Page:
Brandigo’s Client Director and Toronto Office lead, Christian Klepp, attended a fascinating conference focussing on the future of the customer experience and what it means for companies. Here he reports back and offers his own insights.
Creating a Customer Experience (CX) Movement, and Why Everyone Should Care
It was the great American captain of industry and founder of the Ford Motor Company – Henry Ford – who once said: “Coming together is a beginning, staying together is progress, and working together is success”. His wisdom and foresight are in many ways applicable to organizations across diverse industries in today’s fast-paced world. One such area where this would be relevant is that of customer experience, or CX.
I had the opportunity to attend an event on May 23rd that was hosted by the Customer Experience Professional Association (CXPA) in downtown Toronto. The event’s main theme focused on the importance of “Creating a CX Movement” within organizations, and the CXPA invited Lynn Hunsaker – a CX expert, Senior Advisor for ClearAction and a veteran in growth-generating customer-centered management – to discuss the subject, share her experiences, and provide advice on how we could implement the CX Movement in our own line of work. The session was not only insightful and engaging, but also allowed attendees to walk away with a lot of “food for thought”.
Let’s review the topic by going back to the typical questions that I’ve come across in my many years in the business: Why should employees who are not client-facing care about customers? Why does that suddenly become their job too? Isn’t that the responsibility of the salespeople?
While these concerns are all too familiar and understandable to a certain extent, they are in fact from a school of thought that is in dire need of an upgrade. Why? Because as professionals with different sets of skills and expertise – regardless of whether you are part of a large organization, a small-medium enterprise, or a one-man show – creating a good experience for our customers is vital to our existence.
But on to Lynn Hunsaker’s point: Why is it essential to create a CX Movement within any organization regardless of size? Why should you get the back-office people to care about what happens in the front lines?
Here are some of the arguments that speak in favor of getting everyone involved in CX:
- The big picture:Members of the team are not spare parts of a larger machine, but are rather the cast and crew of a product or service that is being presented to an audience. Like a play, the actors would be nothing without the scriptwriters, the costume designers, makeup artists, or the lights and sounds people. Each one has their role to play.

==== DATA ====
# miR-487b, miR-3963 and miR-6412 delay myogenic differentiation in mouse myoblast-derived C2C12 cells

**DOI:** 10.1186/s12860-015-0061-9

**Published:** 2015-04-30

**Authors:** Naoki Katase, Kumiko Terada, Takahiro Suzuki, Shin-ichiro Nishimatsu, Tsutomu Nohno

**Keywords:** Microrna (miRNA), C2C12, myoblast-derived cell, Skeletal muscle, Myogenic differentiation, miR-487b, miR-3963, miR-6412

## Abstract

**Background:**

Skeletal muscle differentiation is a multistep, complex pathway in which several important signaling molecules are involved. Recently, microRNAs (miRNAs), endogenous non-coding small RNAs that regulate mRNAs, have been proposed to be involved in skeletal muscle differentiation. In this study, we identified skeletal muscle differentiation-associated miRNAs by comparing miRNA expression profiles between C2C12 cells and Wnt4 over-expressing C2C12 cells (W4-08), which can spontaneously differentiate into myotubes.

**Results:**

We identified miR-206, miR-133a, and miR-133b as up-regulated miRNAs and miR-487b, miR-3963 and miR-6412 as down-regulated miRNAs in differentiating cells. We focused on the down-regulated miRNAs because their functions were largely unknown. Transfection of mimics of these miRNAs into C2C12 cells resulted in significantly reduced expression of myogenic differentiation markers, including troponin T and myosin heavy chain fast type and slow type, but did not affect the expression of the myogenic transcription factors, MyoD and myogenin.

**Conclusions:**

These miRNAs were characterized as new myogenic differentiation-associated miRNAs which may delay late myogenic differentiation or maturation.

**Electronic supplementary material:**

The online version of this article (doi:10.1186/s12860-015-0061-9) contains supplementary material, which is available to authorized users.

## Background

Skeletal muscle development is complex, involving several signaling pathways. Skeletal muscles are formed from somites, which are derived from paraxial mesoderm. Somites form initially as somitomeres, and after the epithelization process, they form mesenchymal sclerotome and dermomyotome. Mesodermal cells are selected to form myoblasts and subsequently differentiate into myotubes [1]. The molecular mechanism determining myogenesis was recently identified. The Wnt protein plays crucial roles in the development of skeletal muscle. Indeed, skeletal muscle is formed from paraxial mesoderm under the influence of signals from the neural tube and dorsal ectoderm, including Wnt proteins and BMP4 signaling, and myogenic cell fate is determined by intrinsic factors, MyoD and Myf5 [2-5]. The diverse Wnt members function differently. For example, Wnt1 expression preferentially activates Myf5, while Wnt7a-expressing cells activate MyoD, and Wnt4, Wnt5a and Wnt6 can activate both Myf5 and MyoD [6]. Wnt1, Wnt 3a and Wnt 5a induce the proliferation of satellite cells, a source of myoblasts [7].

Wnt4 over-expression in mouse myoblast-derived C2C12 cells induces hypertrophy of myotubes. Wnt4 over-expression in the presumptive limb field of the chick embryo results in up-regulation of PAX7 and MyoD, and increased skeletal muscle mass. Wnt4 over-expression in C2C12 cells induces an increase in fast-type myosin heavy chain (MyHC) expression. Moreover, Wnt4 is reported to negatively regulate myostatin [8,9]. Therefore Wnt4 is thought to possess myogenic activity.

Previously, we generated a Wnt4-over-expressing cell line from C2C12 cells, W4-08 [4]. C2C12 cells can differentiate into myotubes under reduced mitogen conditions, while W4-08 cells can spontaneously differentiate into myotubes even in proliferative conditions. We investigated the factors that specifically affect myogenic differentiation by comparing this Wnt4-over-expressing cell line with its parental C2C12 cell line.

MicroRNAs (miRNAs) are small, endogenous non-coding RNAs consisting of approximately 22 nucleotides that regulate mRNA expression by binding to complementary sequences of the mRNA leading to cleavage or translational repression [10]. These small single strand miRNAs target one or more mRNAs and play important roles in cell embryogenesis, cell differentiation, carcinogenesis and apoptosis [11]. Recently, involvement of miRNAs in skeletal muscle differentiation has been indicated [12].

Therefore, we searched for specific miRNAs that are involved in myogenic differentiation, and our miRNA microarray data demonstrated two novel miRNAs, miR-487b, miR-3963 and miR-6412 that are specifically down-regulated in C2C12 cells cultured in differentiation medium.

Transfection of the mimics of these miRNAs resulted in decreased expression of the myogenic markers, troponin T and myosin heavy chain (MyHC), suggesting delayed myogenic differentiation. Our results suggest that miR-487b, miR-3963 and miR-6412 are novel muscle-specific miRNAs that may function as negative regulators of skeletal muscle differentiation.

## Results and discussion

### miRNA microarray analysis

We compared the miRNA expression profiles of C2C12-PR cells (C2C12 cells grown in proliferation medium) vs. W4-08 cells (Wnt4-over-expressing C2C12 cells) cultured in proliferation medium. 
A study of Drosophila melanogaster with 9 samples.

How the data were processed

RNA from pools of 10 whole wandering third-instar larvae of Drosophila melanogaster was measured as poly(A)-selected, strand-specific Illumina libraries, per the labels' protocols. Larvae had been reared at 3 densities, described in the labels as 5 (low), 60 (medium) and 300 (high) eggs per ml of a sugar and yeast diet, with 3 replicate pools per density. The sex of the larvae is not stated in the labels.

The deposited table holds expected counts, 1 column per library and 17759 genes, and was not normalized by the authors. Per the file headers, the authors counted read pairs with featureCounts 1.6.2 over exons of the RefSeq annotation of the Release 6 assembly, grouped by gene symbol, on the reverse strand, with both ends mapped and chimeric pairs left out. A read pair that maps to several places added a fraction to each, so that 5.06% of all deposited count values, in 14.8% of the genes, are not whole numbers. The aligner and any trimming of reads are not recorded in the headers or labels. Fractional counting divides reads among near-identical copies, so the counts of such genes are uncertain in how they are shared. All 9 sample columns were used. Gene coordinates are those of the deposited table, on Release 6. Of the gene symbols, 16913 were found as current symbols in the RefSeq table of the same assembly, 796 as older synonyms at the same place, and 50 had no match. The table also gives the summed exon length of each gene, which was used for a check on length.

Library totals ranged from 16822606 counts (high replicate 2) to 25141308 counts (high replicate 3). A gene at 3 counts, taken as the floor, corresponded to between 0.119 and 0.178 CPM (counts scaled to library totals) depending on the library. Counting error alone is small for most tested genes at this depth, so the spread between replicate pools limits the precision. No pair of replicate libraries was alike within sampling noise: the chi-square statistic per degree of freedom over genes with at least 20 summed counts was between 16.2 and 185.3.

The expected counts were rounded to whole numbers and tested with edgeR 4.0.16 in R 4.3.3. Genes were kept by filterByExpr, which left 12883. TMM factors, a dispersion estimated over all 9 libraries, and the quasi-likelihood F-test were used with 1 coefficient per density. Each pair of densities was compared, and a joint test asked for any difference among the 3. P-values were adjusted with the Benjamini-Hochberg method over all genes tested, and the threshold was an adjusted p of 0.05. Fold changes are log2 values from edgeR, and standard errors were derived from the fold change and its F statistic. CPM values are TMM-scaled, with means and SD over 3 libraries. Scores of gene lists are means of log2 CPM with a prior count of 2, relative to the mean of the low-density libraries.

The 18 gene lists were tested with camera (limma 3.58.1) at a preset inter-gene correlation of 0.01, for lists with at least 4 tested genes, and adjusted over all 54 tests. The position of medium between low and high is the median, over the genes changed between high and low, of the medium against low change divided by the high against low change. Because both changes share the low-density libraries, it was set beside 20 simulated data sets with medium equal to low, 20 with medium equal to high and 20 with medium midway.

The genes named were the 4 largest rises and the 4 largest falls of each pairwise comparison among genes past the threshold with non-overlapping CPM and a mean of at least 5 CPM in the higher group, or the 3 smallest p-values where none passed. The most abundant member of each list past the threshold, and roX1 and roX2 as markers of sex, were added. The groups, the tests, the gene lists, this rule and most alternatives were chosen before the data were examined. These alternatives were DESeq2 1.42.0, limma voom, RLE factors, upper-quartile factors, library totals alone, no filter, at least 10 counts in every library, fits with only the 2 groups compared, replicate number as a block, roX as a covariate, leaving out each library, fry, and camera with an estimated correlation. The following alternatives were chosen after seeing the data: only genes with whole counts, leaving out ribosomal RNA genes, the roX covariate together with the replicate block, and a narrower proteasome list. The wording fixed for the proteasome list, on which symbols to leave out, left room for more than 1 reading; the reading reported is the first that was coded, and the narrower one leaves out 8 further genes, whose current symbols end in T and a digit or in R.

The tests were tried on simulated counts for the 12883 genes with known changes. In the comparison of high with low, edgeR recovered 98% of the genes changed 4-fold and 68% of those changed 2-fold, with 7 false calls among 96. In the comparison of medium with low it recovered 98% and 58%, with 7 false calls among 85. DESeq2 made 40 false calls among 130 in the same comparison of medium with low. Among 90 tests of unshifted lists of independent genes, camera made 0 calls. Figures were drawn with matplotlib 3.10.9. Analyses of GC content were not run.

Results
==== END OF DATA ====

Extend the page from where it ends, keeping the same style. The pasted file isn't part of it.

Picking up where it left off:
- Trust:Trusted employees who are empowered will have a sense of responsibility and ownership in their work, and will in turn learn to work as a team to make better decisions.
- Success:A CX Movement across the different functions in the organization will not only help to improve the customer experience, but will lead to success as well as team recognition.
- Teamwork:It forces people out of the “functioning in silos” mindset, and will encourage closer collaboration between different departments.
- The importance of customers:Another key factor is to make the team understand that customers are the lifeblood of any organization.
While the above arguments raise critical points in favor of a CX Movement, implementing such an initiative in any organization – big or small – is certainly easier said than done. How are you going to convince someone in an administrative role, a lab technician, the procurement team, or the quality control person that what they do matters to the customer?
The answer lies in a well thought-out approach, an implementation plan, a communications strategy that takes the respective target groups into consideration, a “tried and tested” methodology for monitoring results, gathering feedback, managing expectations, as well as adjusting aspects of the initiative where relevant. For example, someone in an engineering role could consider integrating CX into their product requirement specifications, or use the customer’s needs as an inspiration for innovation. For the HR person, they could include CX into staff training and as criteria for hiring, promoting, performance, as well as the development of candidates.
There are myriad ways in which one can weave CX into every facet of their organization. Like branding and marketing, an improved and better CX is no longer the sole task of one department, but rather the responsibility of the company as a whole. It is important for people to realize that everyone has a role to play in not only creating a better experience for the customer, but to also get that customer to continue working with you.
Think of the bigger picture, and begin implementing a CX Movement in your company through effective, relevant communication.